Jacksonville’s mayor was the tie-breaker for an apparently-controversial hire for a high-ranking Jacksonville Police Department position last night.
Aldermen deadlocked 4-4 on a vote to promote Lieutenant Rodney Cox to deputy chief following last month’s retirement of Tim Shea, who had been with the department for 30 years. Mayor Andy Ezard voted “yes” to pass the motion, 5-4.
Ezard also broke the tie on a motion to table the vote, brought to the council by Alderman Mike Wankel, voting against tabling the measure.
Aldermen Wankel, Lori Large-Oldenettel, Don Cook and Tony Williams all voted to table hiring Cox, and then voted against the promotion. Voting against tabling the measure and subsequently in favor of giving Cox the deputy chief position were Bill Scott, Ben Tomhave, Steve Warmowski and Marcy Patterson.
Aldermen spent nearly an hour in closed session discussing personnel issues prior to the vote.
Ezard talks about getting involved in the vote.
“The appointment request, that came from the chief and myself, so of course I’m going to go to bat for my deputy chief. I was excited that he is going to be our new deputy chief,” Ezard says.
“In a perfect world, things would be unanimous, but I certainly respect the opinions of the other aldermen. I think Deputy Chief Cox will do an excellent job, he’s very organized. I’ve known him for years. He’s a smart individual, and I think he will move the police department in a positive direction like we all want it to.”
Police Chief Tony Grootens notes Cox filled in for retired deputy chief Chris McMinn in 2013.
“It’s an administrative role, and we had seven applicants for the position,” says Grootens. “Lieutenant Cox has been with the Jacksonville Police Department for nineteen years. He’s previously served in that position for a temporary period of six months and did a very, very good job at it.”
No aldermen initiated discussion on open record prior to voting.
Cox was named in a federal lawsuit after city resident Dennis Lancaster alleged excessive force for an arrest in September 2009. He was cleared by the Jacksonville Police Department and the FBI of any wrongdoing.
The other JPD deputy chief, Chad Moore, was also named in an excessive force lawsuit after a July 2011 arrest. That case was also settled.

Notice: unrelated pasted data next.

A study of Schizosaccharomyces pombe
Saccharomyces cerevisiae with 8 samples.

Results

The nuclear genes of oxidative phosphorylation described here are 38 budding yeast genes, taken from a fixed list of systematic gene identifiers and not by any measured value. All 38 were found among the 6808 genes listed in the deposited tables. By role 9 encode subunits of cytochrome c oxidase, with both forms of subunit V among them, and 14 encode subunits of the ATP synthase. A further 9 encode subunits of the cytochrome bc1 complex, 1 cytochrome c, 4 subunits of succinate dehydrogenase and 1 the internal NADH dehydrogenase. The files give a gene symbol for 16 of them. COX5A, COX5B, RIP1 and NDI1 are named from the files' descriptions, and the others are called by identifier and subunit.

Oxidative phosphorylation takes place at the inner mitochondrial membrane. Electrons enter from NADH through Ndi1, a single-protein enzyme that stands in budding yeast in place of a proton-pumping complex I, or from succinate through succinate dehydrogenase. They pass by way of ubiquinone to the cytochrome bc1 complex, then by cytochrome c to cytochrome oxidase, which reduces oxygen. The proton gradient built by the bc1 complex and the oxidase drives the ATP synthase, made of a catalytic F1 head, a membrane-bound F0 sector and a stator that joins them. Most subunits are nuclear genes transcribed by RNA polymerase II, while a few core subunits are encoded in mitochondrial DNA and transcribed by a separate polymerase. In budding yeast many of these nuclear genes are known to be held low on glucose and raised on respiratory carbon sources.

Alderman Travis Richardson was not present, and the vacant Ward 1 seat was not officially filled at the start of last night’s meeting.
At another point during last night’s meeting, Moore announced two bids were submitted to local car dealerships for two new patrol vehicles. The low bidder was Westown Ford for $42-thousand after trade-in for two sport utility vehicles.
Two aldermen, Marcy Patterson and Steve Warmowski, voted against the measure. Warmowski, who asked that the low bid vote be pulled from the consent agenda, explained he didn’t like the idea of SUVs replacing patrol cars, and that they’ll have higher operation costs.
In other action Tuesday night, officials with Benton and Associates Engineering announced that Williams Brothers out of Peoria was the low bidder for construction of the new water treatment plant with a submitted bid of nearly $31 million. Aldermen approved the notice of intent to award the bid.
Benton Vice President Jamie Headen explains what’s next.
“We’ll be able to submit the bid package to the EPA, which is the funding source. Anticipate about a 45-day review process in hopes that middle to late July, the city will receive the IEPA loan agreement to consider at, hopefully, the second meeting in July,” says Headen.
“At that point, they’ll be able to actually enact the loan agreement and move forward with construction. So, potentially starting in August, with some construction activity this fall.”
City Council also passed a debt authorization ordinance increasing the amount of proposed issuance of bonds for the city to a maximum amount not to exceed $36-million.
“The EPA requires the city to authorize the amount of debt that’s required to construct the water treatment plant project, so those dollars include construction costs and non-construction costs as well as contingencies and other items that are involved,” he explains.
“So, prior to submitting to the EPA, they had to take action to get the debt authorizing amount to match the project need.”
Headen told aldermen that based on the current estimated cost of the water plant, water usage rates should be increased by about a dollar for users of 2,000 gallons a month, and by about two dollars for users of 5,000 gallons, by 2018.
Aldermen also approved a revised agreement with Buster Sanitation for the remaining two years of its recycling contract. City Clerk Skip Bradshaw says it increases what the city pays for recycling in the contract from $56-hundred to $5,740.
Buster officials cited increased recycling costs as the reason for the request.
Also last night, Dr. Susan Weller of the Jacksonville Center for the Arts proposed a downtown Jacksonville arts center that would go in a vacant lot near the municipal building. We’ll have much more on that this afternoon.
Correction: We made several references to this meeting being Monday night. It was Tuesday night.